Proposals should address the following aspects:
―Map, quantify and predict the type of loads carried on roads in Europe and define potential solutions for configurable trucks.
―Develop new concepts and technologies for trucks with reduced drag, which are safer, comfortable, configurable and cost effective, and ensure satisfaction of different kinds of customer needs and adaptability to actual type of tasks and circumstances.
―Provide inputs for revising the standardisation and regulatory framework.
―Demonstrate potential in real time vehicle boundary configuration for best aerodynamics and energy management adapting to the specific load.
The Commission considers that proposals requesting a contribution from the EU of between EUR 7 and 10 million each would allow this specific challenge to be addressed appropriately. Nonetheless, this does not preclude submission and selection of proposals requesting other amounts.
The energy efficiency of logistics and co-modal transportation needs to be significantly improved, since road haulage represents the dominant share of CO2 emissions and energy consumption. Adaptable and configurable complete truck concepts and architectures can significantly contribute to improving road haulage energy efficiency, by improving aerodynamics and energy efficiency, while contributing to meet future logistics and co-modality needs for different segments and markets. Industry, authorities and policy-makers should collaborate on standardisation issues in order to allow the use of configurable trucks in road haulage. The present regulatory framework is not conducive to some of the developments suggested above. Revisions of existing regulations are needed and could benefit from results of this action, e.g. the present work with Directive 96/53/EC, which will allow greater flexibility in terms of vehicle length provided improvements in efficiency and safety can be demonstrated.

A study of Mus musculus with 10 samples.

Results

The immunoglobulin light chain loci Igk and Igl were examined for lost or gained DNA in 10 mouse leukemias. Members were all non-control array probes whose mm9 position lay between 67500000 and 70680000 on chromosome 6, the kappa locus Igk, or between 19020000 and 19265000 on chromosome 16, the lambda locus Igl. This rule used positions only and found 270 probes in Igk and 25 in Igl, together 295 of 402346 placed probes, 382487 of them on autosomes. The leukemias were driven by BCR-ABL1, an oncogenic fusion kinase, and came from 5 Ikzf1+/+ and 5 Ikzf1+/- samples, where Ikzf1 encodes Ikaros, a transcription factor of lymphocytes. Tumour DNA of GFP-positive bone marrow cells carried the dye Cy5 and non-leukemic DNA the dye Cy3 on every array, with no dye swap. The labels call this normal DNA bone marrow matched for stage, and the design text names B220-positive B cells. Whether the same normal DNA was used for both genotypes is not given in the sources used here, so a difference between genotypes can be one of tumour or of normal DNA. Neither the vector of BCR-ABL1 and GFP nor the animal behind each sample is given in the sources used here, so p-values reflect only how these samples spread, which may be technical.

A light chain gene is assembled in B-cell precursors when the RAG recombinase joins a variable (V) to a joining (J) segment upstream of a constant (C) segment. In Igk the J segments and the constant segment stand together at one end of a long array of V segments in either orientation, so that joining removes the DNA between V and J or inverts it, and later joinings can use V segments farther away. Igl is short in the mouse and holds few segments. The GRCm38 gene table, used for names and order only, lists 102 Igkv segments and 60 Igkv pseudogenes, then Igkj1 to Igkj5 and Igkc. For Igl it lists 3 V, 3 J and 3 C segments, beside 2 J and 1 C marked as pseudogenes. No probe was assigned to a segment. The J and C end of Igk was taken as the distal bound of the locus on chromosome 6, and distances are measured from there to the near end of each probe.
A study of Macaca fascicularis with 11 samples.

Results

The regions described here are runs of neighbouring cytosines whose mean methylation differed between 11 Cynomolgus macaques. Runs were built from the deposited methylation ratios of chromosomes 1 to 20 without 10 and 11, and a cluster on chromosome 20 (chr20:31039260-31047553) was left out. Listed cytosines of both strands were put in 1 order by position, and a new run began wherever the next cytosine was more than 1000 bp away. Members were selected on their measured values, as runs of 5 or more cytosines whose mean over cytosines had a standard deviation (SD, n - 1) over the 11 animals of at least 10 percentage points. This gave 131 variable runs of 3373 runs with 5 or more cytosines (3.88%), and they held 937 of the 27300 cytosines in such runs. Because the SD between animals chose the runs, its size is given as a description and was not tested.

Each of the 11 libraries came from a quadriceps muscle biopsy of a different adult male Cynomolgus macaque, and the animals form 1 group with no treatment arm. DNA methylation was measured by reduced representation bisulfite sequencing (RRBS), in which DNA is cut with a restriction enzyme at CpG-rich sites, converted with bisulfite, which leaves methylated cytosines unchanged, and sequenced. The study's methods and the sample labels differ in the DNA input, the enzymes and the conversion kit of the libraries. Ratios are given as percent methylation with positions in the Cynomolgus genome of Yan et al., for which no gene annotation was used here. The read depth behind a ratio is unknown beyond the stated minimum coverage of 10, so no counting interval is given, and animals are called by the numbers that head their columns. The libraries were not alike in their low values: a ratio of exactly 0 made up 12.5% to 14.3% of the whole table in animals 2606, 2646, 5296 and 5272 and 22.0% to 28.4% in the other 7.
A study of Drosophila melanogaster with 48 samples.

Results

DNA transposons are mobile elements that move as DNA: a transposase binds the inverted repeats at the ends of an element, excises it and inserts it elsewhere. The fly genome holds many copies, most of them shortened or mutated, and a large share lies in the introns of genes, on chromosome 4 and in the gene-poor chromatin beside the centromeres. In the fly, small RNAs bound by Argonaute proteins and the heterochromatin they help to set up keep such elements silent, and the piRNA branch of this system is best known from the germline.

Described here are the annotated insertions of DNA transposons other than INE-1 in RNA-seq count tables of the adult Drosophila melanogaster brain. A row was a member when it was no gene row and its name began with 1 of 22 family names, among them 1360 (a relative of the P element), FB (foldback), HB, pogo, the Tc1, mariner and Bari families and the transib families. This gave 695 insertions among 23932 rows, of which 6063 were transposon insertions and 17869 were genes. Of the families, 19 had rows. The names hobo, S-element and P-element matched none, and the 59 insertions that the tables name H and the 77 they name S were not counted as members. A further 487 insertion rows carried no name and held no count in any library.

Actions will contribute to climate action and sustainable development objectives by targeting overall efficiency gains of at least 18-33% demonstrated on real platforms, broken down as follows:
―4–5% improvement in energy efficiency by separate platforms for volume and weight freight, respectively.
―4–6% improvement in energy consumption due to more effective loading space utilisation.
―5–12% energy efficiency improvement (depending on traffic circumstances) from the integration of more elaborate flexible powertrains.
―5–10% improvement in energy consumption due to improved truck aerodynamics.
―Standardised interfaces and the resulting sharing of components leading to higher economies of scale.
―The innovative front end design will increase energy absorption for vehicles and for pedestrians to ensure survivability in crashes up to 50 km/h.